Coffee County Conference Center

The Manchester-Coffee County Conference Center is under control of the Public Building Authority. Despite the center being a joint project between the city and county, Manchester has no representation on the PBA, which oversees conference center operations.

Following the County Technical Assistance Service (CTAS) opinion in November 2018 that stated the Public Building Authority, the entity that runs the Manchester-Coffee County Conference Center, is a county-owned entity and does not require city representation, Manchester has been looking for a second opinion.

During the Board of Mayor and Aldermen meeting on Tuesday, Feb. 5, city attorney Gerald Ewell revealed the Municipal Technical Advisory Service (MTAS) agreed with the CTAS opinion.

“Since we didn’t proceed with a resolution to join the PBA, the city is not a member of the PBA and not entitled to board members to be,” Ewell said, as per the opinion of MTAS.

“That leaves us with a board that someone else appoints is controlling, something we own and is a lot of our money,” Ewell added.

Manchester Mayor Lonnie Norman was against this. He approached Ewell and asked him to talk with Coffee County Mayor Cordell about this.

“I told him that I wasn’t interested in the PBA,” Norman said. “I couldn’t care less about the PBA. They can have the PBA, but as long as this stuff about the conference center, the people that we put on the board, I would like to see them recognized as being on that board…I don’t like the idea of us paying money and having no say.

“They can have a PBA, that’s fine, but when they meet and make decisions about the conference center, the people we pick be on there,” Norman said.

Norman said there was a possibility, according to Cordell, of taking the control of the conference center away from the PBA and forming another committee with equal representation to run it.

Ewell explained this is a viable option, if the PBA doesn’t want to honor or recognize the Manchester citizens that were appointed to the board late last year. The PBA and the conference center are separate entities and they can be separated if an agreement is made by the county.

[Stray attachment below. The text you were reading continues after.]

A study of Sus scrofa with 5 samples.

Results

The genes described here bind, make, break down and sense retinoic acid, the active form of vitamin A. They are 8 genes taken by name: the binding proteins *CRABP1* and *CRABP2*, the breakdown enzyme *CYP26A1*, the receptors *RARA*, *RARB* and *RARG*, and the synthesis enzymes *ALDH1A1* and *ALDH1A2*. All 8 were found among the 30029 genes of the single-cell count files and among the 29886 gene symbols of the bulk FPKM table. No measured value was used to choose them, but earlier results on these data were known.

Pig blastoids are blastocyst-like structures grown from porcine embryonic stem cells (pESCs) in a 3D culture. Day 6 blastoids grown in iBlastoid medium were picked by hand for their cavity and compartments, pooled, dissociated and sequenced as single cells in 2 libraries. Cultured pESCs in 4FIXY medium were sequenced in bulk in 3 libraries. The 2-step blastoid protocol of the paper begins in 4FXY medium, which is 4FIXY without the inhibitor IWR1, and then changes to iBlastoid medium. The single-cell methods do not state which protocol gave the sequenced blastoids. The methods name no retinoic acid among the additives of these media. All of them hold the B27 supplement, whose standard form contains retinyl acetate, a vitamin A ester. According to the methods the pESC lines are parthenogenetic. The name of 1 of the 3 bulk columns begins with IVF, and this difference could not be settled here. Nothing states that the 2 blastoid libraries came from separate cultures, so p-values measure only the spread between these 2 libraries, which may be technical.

“The conference center project is separate from the PBA,” said Ewell. “The PBA runs it right now by an agreement from the city and county. It doesn’t have to. Now there are still bonds outstanding and there’s an operating agreement, but I don’t think we have to let, and we have to have the county agree on this, I don’t think we have to let the PBA run the conference center. Assuming we can get things lined up, we can get the conference center out from under the PBA and then make an agreement with the county to run it separately.”

The other option, which Norman favors, is to ask the county to let Manchester be represented on the PBA for matters pertaining to the conference center.

 “Concerning the conference center, we want representation,” Norman said.

“We’ve got another year, year-and-a-half to make payments on it. Let our people stay on it for a year-and-a-half and take them off,” the mayor concluded.

BOMA recommended for Norman to write a letter to the county mayor’s office to recommend both options.

 

MTAS statement

 

Elisha Hodge, MTAS Legal Consultant, responded to Ewell’s request.

“For the reasons set forth below, I am of the opinion that the Coffee County PBA was not  ‘created pursuant to the approval of two (2) or more municipalities acting jointly…,’ as the City of Manchester does not appear to adhere to the statutory requirements necessary to have jointly formed the Coffee County PBA with Coffee County. As such, I do not believe that the City is entitled to representation on the Coffee County PBA board of directors.”

Ewell sent Board of Mayor and Aldermen meeting minutes as evidence, the incorporation of the PBA document, and various resolutions passed by the county in regards to the PBA.

“While it is clear from the attachments provided that Coffee County passed the resolution…, it does not appear that the City did so,” Hodge said in the MTAS opinion.

State law 12-10-120 states each municipality involved in the creation of a PBA needs to adhere to the same requirements, therefore needs to pass a resolution stating their involvement in the board.

Hodge also pointed out there is no mention of the cit y in the PBA’s certificate of incorporation – it was only passed and adopted by the county.

News Editor

Casey recently joined the Manchester Times team in March 2018. Coming off a 17-month reporter stint in Port Chester, NY, she is looking forward to slowing down and integrating herself into the community. She currently resides in Manchester.